This is a curious time in history. We have the most advanced system for learning, sharing and teaching skills in the history of mankind, however it seems that we as a society are doing less and less for ourselves. We are allowing others to do so many of the things that were commonplace for folks to tackle on their own. Pride in workmanship has been replaced by "cheap" and "easy". Becoming a traditional archer may help you on the quest for hands-on skills that will spill into many other places in your life
My journey into traditional archery began several years ago. I am not a long time participant of the sport by any means, was unsure of where to start and felt that my local shops didn't have the things that would appease me in my quest to shoot a longbow. As a tradesman who worked with metal on a daily basis, I longed to use simple tools and work with wood. To me it feels so much more organic than the heavy machinery and noise needed to force metal to comply with what we needed it to do. By slowly striping thin layers from a piece of wood, we are asking it to work with us. If one works too fast or with no care the wood will fail, the bow will break. As I set a goal to hunt with a longbow, I decided to jump down the rabbit hole and build my own. With a fierce consumption of blogs and books I was able to build a bow over several weeks during the winter, slowly thinning the belly of the maple board that I purchased at the lumberyard, catching the curls on a sheet in my living room. My skills and knowledge grew immensely in that short period of time. Learning the tools of the trade and the jargon of the bowyers was 90 percent of it. I didn't even know the difference between a belly and a back!
Moving forward from the first bow, I knew that this hobby was for me. I took the workshop with Ravenbeak Nature Works, which refined the skills I had previously gleaned and made more of the jargon and techniques clear. It was more in-depth than what I had previously tackled because of using a split stave of yew. I made a bow that was hunting weight and durable. Also during this workshop I learned to make arrows, my first exposure to the art. I also became enthralled with finding wood. I am now a little obsessed with not just Yew, but the other local bow quality woods and natural arrow shafts. I have self taught, or been directed by friends on many species that before just blended in with the green of the forest. My knowledge of the natural world has expanded because of my fascination with Primitive archery, knowledge that I can teach to others, including my wife and children.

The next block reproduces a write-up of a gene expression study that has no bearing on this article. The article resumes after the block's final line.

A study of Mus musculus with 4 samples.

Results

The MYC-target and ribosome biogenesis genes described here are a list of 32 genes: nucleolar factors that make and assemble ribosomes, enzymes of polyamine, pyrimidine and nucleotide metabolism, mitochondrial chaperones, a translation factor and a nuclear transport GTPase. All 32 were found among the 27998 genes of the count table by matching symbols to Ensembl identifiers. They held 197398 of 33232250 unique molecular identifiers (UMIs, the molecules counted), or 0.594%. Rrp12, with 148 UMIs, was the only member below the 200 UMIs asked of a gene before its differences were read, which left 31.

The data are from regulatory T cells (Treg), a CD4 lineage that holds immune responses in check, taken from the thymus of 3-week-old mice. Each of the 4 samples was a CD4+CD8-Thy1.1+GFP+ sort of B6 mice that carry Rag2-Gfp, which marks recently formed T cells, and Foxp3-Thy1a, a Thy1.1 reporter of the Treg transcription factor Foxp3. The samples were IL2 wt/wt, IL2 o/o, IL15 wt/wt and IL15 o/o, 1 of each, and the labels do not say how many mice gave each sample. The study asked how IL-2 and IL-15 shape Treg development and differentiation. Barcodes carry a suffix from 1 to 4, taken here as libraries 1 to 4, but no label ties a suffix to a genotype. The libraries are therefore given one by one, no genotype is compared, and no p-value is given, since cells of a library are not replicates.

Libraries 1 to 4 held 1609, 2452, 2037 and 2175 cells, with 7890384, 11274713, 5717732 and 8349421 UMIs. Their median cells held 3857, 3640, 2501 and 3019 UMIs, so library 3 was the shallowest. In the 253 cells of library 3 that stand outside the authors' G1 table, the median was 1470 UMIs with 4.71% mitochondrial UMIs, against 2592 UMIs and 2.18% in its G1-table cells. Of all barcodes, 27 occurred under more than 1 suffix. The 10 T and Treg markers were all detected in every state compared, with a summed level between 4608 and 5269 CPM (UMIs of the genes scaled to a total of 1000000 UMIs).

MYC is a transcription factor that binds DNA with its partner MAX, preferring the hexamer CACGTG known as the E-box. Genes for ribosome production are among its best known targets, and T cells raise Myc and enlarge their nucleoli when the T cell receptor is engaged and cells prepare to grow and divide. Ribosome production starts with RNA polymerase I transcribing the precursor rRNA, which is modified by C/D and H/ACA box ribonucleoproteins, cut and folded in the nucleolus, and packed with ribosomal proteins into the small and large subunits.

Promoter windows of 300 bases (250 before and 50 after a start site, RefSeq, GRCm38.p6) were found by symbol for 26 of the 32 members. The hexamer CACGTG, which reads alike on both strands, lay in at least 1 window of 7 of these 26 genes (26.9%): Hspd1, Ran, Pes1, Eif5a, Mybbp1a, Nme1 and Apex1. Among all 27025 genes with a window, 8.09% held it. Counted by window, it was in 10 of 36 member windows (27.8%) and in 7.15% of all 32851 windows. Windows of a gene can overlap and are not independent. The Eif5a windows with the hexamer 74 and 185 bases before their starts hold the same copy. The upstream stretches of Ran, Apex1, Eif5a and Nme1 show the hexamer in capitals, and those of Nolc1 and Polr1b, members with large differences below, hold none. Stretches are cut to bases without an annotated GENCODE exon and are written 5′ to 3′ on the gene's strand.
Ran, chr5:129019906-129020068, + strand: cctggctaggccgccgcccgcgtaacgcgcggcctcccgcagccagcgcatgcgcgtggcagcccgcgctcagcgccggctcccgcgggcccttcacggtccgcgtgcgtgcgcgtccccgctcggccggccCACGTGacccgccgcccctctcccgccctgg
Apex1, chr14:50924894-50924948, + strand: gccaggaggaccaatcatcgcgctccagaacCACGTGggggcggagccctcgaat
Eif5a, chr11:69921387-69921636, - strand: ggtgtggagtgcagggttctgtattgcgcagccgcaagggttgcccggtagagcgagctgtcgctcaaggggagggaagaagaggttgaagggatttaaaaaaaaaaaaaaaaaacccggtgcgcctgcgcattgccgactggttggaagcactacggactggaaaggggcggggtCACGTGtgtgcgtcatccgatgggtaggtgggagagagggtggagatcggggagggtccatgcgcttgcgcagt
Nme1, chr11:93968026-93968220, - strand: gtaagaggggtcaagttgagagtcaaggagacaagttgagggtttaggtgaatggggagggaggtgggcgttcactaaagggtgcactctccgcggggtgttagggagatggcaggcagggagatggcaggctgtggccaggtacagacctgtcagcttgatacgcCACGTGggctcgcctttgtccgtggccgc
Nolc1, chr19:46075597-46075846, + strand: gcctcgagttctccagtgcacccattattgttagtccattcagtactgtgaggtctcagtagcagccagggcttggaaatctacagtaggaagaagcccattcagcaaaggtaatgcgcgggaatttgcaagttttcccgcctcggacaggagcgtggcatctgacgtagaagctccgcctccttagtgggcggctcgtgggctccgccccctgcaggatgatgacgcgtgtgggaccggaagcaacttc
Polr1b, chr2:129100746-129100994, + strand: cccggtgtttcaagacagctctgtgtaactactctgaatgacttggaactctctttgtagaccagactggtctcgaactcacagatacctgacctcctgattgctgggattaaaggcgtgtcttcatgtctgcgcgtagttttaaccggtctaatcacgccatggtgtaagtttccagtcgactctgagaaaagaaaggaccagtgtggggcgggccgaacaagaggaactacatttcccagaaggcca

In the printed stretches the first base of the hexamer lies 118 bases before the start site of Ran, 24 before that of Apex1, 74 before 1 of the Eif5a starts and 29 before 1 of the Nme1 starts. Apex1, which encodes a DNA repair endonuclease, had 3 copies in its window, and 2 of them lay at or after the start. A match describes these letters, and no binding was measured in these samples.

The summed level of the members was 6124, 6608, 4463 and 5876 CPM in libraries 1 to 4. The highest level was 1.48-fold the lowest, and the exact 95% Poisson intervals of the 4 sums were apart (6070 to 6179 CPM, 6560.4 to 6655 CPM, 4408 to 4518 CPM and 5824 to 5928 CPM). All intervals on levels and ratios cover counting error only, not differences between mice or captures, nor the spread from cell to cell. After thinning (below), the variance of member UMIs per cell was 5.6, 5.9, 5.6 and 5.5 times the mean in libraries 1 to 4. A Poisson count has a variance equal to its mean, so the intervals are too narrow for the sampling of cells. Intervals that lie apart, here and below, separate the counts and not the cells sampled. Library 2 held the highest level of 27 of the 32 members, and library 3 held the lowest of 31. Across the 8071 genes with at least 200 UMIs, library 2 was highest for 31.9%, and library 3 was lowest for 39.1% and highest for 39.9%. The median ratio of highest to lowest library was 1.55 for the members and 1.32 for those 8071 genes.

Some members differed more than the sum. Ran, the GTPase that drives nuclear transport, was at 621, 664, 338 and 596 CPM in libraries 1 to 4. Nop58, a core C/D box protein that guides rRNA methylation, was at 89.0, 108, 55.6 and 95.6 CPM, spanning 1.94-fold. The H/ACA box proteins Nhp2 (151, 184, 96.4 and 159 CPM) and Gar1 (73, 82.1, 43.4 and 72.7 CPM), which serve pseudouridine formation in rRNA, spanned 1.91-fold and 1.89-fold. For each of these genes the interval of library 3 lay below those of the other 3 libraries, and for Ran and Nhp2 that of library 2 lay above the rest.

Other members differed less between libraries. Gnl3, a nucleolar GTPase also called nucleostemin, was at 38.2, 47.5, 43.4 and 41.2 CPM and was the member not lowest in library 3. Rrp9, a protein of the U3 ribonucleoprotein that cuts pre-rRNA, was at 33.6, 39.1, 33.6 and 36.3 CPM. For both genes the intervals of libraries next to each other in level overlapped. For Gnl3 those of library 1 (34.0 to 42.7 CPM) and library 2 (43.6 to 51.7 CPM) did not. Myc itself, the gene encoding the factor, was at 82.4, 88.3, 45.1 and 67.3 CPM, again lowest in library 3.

Since the infancy of my learning about the skills in the trade of making archery tackle, I realize just how much of the tackle we can make for ourselves, if we were just willing to let go of the fear of screwing up and make it happen! I had never worked with leather before, and I made an armguard that I really like. I have made dozens of arrows, and several bows. Some have been successful, some have not. The fear of failure disappeared from my mind and was replaced with one of curiosity and challenge. To see if I could do something. Sure I could just go to the store or online and order something, but to me that is not so much fun. I was also not flush with spare cash, I have more time than money, so spending quality time learning a skill and having a new hobby that doesn't have to upset the families bottom line is important. Not sure one could say that about a new spacebow shooter!
I recommend that all trad archers learn a few skills in making their own equipment. Build a Flemish twist string, buy some wood shafts and finish them yourselves, create a back quiver out of leather or willow branches, make a tab from some thrift store leather, even just putting a new serving on a string you already have. Easy things to do. Some require more tools than others, and if you are not prepared to lay out the capital to purchase, maybe ask around and see if you could borrow someone's. Barter goes a long way in this community. Eventually you may be drawn to building a bow of your own. This is a more involved project for sure. Be it a self bow or a fiberglass one, they all have their own nuances that are both frustrating and so rewarding at the same time. Regardless of what you can accomplish with your skill level, time or interest, following the ancient pathways of our ancestors who used primitive skills to get us to where we are now. We have advantages with the internet, steel tools and books to inform us and to share ideas.